Measuring Money: Currency, M1, and M2
- Contrast M1 money supply and M2 money supply
- Classify monies as M1 money supply or M2 money supply
Economists offer broader definitions of money based on liquidity.
Liquidity refers to how quickly a financial asset can be used to buy a good or service.
- For example, cash is very liquid. Your $10 bill can be easily used to buy a hamburger at lunchtime.
- However, $10 that you have in your savings account is not so easy to use. You must go to the bank or ATM machine and withdraw that cash to buy your lunch. Thus, $10 in your savings account is less liquid.
The Federal Reserve Bank, which is the central bank of the United States, is a bank regulator and is responsible for monetary policy and defines money according to its liquidity.
There are two definitions of money: M1 and M2 money supply.
- M1 money supply includes those monies that are very liquid such as cash (currency in circulation), checkable (demand) deposits, and traveler’s checks
- currency in circulation: the coins and bills that circulate in an economy that are not held by the U.S. Treasury, at the Federal Reserve Bank, or in bank vaults
- checkable deposits, also known as demand deposits: the amounts held in checking accounts. They are called demand deposits or checkable deposits because the banking institution must give the deposit holder his money “on demand” when a check is written or a debit card is used
- Traveler’s checks are also included in M1, but have decreased in use over the recent past
- M2 money supply is less liquid in nature. As a broader definition of money, M2 includes everything in M1 but also adds other types of deposits. In short, all these types of M2 are money that you can withdraw and spend, but which require a greater effort to do so than the items in M1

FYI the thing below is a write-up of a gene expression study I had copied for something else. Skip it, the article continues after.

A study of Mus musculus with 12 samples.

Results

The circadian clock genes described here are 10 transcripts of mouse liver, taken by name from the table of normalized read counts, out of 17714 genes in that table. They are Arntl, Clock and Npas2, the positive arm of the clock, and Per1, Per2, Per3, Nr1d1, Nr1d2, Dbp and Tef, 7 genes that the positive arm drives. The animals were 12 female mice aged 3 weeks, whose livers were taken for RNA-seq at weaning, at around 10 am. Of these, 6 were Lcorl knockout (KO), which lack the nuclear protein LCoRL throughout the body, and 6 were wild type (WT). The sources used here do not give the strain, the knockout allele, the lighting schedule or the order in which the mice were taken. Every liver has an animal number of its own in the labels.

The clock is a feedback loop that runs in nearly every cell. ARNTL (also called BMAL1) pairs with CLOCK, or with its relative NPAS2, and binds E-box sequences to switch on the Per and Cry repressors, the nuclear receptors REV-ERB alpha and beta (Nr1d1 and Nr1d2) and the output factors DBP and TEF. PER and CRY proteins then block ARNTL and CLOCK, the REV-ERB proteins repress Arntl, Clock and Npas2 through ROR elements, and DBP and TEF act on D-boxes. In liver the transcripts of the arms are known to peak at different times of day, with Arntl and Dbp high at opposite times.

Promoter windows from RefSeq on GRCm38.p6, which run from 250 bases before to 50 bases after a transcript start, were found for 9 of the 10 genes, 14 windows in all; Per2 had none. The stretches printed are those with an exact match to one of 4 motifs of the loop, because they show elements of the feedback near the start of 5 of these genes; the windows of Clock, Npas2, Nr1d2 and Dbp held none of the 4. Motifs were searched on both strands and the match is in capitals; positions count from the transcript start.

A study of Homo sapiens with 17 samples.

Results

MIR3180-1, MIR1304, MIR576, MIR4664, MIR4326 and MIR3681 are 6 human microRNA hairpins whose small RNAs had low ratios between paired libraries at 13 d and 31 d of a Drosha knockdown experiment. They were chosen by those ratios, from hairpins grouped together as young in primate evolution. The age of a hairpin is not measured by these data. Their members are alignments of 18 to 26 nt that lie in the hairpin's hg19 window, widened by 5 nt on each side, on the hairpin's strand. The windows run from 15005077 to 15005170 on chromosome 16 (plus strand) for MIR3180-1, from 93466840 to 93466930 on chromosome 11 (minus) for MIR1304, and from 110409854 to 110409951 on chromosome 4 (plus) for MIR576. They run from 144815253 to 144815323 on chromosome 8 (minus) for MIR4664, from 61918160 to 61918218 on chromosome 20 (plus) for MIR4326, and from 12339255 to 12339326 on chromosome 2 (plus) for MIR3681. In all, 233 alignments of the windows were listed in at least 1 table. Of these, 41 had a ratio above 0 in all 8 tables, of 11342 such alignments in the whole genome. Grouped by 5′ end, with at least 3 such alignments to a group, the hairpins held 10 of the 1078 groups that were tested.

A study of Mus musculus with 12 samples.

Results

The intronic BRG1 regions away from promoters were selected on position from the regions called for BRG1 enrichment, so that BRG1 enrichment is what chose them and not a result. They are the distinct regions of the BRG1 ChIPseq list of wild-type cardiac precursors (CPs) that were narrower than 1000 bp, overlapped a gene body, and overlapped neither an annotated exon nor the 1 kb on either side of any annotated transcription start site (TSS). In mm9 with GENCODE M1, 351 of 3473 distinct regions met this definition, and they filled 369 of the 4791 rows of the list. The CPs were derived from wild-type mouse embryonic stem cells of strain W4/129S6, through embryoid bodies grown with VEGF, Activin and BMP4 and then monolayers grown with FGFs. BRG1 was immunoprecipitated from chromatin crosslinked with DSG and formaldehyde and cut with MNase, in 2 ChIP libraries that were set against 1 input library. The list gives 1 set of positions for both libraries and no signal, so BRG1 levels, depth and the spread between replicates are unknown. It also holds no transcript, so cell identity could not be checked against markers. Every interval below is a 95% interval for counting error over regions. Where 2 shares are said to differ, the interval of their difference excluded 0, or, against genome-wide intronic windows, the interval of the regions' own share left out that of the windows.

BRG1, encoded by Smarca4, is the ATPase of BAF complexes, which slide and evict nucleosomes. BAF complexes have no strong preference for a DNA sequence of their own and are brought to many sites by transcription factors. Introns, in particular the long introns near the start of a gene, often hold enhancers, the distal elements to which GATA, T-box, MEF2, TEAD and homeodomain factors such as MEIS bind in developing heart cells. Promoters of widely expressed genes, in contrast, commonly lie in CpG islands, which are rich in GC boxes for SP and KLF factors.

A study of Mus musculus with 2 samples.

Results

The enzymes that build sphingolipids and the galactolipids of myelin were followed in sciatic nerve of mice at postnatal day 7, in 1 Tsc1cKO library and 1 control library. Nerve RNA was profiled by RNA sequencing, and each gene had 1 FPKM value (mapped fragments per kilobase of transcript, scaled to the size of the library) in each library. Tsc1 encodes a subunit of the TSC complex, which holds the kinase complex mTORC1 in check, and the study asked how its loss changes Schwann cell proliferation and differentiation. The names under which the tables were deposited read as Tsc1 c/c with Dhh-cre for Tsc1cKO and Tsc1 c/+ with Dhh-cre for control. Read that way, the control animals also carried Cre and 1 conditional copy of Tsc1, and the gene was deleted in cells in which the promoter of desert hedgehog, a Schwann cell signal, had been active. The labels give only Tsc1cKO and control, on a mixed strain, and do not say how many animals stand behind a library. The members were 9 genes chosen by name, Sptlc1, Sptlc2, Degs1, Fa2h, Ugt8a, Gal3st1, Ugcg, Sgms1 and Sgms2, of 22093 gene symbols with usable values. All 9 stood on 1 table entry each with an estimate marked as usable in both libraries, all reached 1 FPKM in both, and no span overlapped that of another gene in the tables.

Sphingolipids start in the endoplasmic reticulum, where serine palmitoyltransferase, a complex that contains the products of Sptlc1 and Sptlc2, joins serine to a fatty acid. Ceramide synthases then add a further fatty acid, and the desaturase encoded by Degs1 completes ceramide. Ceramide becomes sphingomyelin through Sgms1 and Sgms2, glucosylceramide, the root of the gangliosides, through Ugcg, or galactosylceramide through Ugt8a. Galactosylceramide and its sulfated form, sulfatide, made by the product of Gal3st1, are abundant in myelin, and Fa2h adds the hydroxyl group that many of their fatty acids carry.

- M2 includes savings deposits in banks, which are bank accounts on which you cannot write a check directly, but from which you can easily withdraw the money at an automatic teller machine or bank
- Many banks and other financial institutions also offer a chance to invest in money market funds, where the deposits of many individual investors are pooled together and invested in a safe way, such as short-term government bonds
- Another ingredient of M2 are the relatively small (that is, less than about $100,000) certificates of deposit (CDs) or time deposits, which are accounts that the depositor has committed to leaving in the bank for a certain period of time, ranging from a few months to a few years, in exchange for a higher interest rate
Changes in banking practices and technology have made the savings accounts in M2 more similar to the checking accounts in M1. For example, some savings accounts will allow depositors to write checks, use automatic teller machines, and pay bills over the Internet, which has made it easier to access savings accounts.
"Plastic money" like credit cards and debit cards are different ways to move money when a purchase is made.
- A debit card, like a check, is an instruction to the user’s bank to transfer money directly and immediately from your bank account to the seller. It is important to note that in our definition of money, it is checkable deposits that are money, not the paper check or the debit card.
- Although you can make a purchase with a credit card, it is not considered money but rather a short term loan from the credit card company to you. When you make a purchase with a credit card, the credit card company immediately transfers money from its checking account to the seller, and at the end of the month, the credit card company sends you a bill for what you have charged that month. Until you pay the credit card bill, you have effectively borrowed money from the credit card company.